At last a Texas constitutional amendment I can get behind:
A measure that would bring an end to dipping into the state gasoline tax fund to pay for several unrelated state projects in making its way through the senate Finance Committee, News Radio 1200 WOAI reports.
Currently, the 20 cent a gallon state tax that motorists pay when they fill up at the pump pays for the Texas Commission on the Arts, the State Historical Commission, and the Automobile Theft Prevention Agency (in a sleight of hand that only politicians could come up with, the $1 fee on every auto insurance policy which is earmarked for the ATPA does not actually go to it. It goes into the state general fund, and money is then taken out of the gas tax fund, called Fund 6, to pay for the Agency).
The biggest chunk taken out of the gas tax revenue stream is $1.44 billion that pays for the Department of Public Safety.
State Sen. Charles Perry (R-Lubbock) wants to end all “diversions” except for using a quarter of the gas tax fund to help pay for public schools.
“Based on the 2012-2015 numbers, ending this diversion would free up at least $1 billion to improve our transportation infrastructure,” Perry told the Senate Finance Committee.
This is a better revenue source for building roads than diverting money from the Rainy Day Fund, a shortsighted move that I warned about last October:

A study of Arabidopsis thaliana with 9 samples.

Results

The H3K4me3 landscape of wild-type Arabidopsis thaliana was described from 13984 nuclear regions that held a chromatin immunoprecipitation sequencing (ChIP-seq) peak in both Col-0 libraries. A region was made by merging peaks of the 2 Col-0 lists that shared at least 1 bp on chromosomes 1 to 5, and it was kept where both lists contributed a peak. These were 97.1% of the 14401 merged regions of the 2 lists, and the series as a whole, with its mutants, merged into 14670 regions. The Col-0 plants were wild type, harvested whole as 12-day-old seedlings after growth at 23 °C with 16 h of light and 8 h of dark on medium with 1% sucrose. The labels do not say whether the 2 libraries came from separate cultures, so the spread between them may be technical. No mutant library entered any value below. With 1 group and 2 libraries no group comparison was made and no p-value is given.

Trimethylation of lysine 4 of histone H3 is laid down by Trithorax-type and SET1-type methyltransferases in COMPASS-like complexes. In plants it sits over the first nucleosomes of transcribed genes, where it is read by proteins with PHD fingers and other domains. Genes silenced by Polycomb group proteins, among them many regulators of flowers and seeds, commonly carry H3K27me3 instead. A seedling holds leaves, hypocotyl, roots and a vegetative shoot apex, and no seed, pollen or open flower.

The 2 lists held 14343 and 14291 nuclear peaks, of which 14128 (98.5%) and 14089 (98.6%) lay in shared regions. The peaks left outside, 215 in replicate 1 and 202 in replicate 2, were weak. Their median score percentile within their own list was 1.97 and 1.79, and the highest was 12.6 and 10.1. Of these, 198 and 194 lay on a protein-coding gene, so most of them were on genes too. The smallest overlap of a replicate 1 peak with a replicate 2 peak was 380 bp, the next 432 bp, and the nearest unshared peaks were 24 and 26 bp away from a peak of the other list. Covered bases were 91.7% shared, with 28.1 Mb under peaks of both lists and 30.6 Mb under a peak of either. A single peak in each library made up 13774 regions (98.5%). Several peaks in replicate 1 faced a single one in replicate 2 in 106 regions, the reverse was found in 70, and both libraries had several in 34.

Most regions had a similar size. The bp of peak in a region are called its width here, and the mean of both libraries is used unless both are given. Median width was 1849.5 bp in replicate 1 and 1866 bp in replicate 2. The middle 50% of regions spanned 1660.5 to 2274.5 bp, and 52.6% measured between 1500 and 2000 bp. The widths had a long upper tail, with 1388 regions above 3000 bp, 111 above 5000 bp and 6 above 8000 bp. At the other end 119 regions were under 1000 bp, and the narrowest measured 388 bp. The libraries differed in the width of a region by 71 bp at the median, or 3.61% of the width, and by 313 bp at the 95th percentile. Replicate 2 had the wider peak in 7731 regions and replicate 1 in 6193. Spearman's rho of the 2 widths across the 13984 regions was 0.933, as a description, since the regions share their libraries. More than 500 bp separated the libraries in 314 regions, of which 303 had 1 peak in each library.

Prop 1 puts much of TXDOT’s revenue on collections from the oil and gas severance tax, which is bloated right now due to the Eagle Ford shale boom. Not only is this a sketchy revenue stream to base a 10-year budget outlook on, but it removes the onus of road funding from those who use the roads—that is, motorists.
Now that the price of oil has halved in less than a year, drillers are finding it cheaper to coast on their cash reserves until the price rebounds. That’s smart thinking on their part, but the same can’t be said for Texas voters, who approved Prop 1 by a whopping 80 percent majority. Oil and gas severance tax revenue in the state will plummet this year, leaving little money for a real emergency, let alone road construction.
If TXDOT wants more money to build roads, they can ask for a gas tax hike to pay for it directly. Then we’ll see how eager Texans are to spend $5 billion a year on roads.